Alaska became the 20th initiative state when it entered the Union in 1959. A total of 41 initiatives have appeared on the ballot through 2007. Alaska's constitution does not allow constitutional amendments by initiative, and prohibits measures that dedicate revenue or appropriate money.

The first three initiatives (and four of the first six) concerned the location of the state capital. The state's first initiative, in 1960, asked voters to move the capital from Juneau to Anchorage, which is closer to the population center. That proposal was rejected, as was a similar measure in 1962. Voters finally approved an initiative to relocate the state capitol in 1974, but the legislature failed to appropriate funds for the move. Voters approved another initiative in 1978, this time requiring the state to determine the cost of relocation and requiring voter approval for any related bond issue. The bond issue went to the voters in 1980, and they rejected it. The voters rejected another attempt to relocate the capital, this time to Wasilla, in 1994. That year they also approved an initiative giving the public the right to know the cost of relocating the state capital. Most recently, in 2002, voters passed an initiative to move the sessions of the legislature from Juneau to the Matanuska-Susitna borough in the Anchorage metro area.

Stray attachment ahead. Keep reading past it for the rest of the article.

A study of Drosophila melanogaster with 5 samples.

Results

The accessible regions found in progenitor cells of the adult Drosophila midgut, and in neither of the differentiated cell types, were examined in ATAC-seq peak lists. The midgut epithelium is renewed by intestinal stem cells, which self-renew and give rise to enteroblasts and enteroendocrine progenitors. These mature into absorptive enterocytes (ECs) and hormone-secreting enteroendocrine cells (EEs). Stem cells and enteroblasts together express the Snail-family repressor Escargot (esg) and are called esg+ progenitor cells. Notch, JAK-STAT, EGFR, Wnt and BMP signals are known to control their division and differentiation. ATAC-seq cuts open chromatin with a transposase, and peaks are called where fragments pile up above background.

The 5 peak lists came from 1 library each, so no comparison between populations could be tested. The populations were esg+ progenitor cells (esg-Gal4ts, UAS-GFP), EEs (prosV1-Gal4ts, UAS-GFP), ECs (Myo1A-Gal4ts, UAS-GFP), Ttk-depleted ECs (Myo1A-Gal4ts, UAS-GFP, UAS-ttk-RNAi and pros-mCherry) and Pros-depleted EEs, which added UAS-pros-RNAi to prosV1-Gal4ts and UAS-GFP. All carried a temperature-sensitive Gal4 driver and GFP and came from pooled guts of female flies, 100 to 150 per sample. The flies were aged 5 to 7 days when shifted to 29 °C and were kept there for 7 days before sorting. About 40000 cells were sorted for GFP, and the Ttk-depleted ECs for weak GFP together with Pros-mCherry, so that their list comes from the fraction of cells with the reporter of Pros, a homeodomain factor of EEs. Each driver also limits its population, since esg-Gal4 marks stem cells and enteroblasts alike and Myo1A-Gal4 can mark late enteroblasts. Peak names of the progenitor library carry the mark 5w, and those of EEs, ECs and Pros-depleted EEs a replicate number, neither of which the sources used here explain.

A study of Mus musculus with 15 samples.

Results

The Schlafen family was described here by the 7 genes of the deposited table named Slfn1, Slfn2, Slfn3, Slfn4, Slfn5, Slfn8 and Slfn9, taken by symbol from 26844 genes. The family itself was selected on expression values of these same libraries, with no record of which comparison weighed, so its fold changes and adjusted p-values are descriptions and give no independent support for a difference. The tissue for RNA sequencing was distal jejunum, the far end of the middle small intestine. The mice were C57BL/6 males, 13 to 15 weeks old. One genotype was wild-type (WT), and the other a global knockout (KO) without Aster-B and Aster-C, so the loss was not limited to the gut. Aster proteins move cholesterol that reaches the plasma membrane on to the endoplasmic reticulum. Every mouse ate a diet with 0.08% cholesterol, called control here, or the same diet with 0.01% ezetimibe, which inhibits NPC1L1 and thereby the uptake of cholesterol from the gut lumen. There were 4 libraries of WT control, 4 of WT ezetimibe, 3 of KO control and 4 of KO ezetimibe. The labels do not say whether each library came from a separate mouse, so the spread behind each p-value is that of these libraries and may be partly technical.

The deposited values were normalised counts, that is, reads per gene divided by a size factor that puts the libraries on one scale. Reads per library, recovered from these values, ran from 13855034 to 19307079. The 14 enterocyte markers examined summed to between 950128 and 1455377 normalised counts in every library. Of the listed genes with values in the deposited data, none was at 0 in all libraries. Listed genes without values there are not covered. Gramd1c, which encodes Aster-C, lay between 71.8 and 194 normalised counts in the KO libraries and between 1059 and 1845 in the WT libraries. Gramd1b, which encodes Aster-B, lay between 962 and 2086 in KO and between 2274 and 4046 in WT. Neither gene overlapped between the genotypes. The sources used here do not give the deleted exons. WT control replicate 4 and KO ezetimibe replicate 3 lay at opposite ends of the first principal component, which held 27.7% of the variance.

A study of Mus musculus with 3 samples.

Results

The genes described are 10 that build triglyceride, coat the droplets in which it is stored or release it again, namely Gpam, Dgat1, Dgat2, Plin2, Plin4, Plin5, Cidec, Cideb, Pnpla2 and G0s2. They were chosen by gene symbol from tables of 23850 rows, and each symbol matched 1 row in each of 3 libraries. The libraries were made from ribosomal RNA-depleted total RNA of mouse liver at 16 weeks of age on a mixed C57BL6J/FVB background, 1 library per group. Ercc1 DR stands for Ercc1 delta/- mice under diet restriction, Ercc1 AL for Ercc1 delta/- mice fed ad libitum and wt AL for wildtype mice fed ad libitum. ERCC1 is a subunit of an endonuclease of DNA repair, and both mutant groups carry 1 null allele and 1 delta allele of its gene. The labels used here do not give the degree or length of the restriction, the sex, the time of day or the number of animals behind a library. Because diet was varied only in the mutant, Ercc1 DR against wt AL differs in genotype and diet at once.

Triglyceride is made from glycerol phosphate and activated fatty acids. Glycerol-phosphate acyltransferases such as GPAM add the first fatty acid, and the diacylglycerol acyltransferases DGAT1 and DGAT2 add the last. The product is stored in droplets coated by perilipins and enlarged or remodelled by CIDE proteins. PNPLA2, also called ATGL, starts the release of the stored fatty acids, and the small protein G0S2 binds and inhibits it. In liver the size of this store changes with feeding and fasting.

Initiatives concerning wildlife and natural resources have also been common on the ballot, with mixed results for environmentalists. Fishing measures were on the ballot in 1976 and 1982. Voters banned airborne hunting of wolves in 1994, but rejected a proposed ban on the use of snares for trapping wolves (1998) and ban on bear baiting (2004). A bottle deposit law was rejected in 1978. A call for a nuclear weapon freeze was approved in 1986.

A series of drug legalization measures have also appeared. A 1990 measure that reduced penalties for marijuana possession was approved, but proposals to decriminalize possession of small amounts of marijuana for private use were rejected in 2000 and 2004.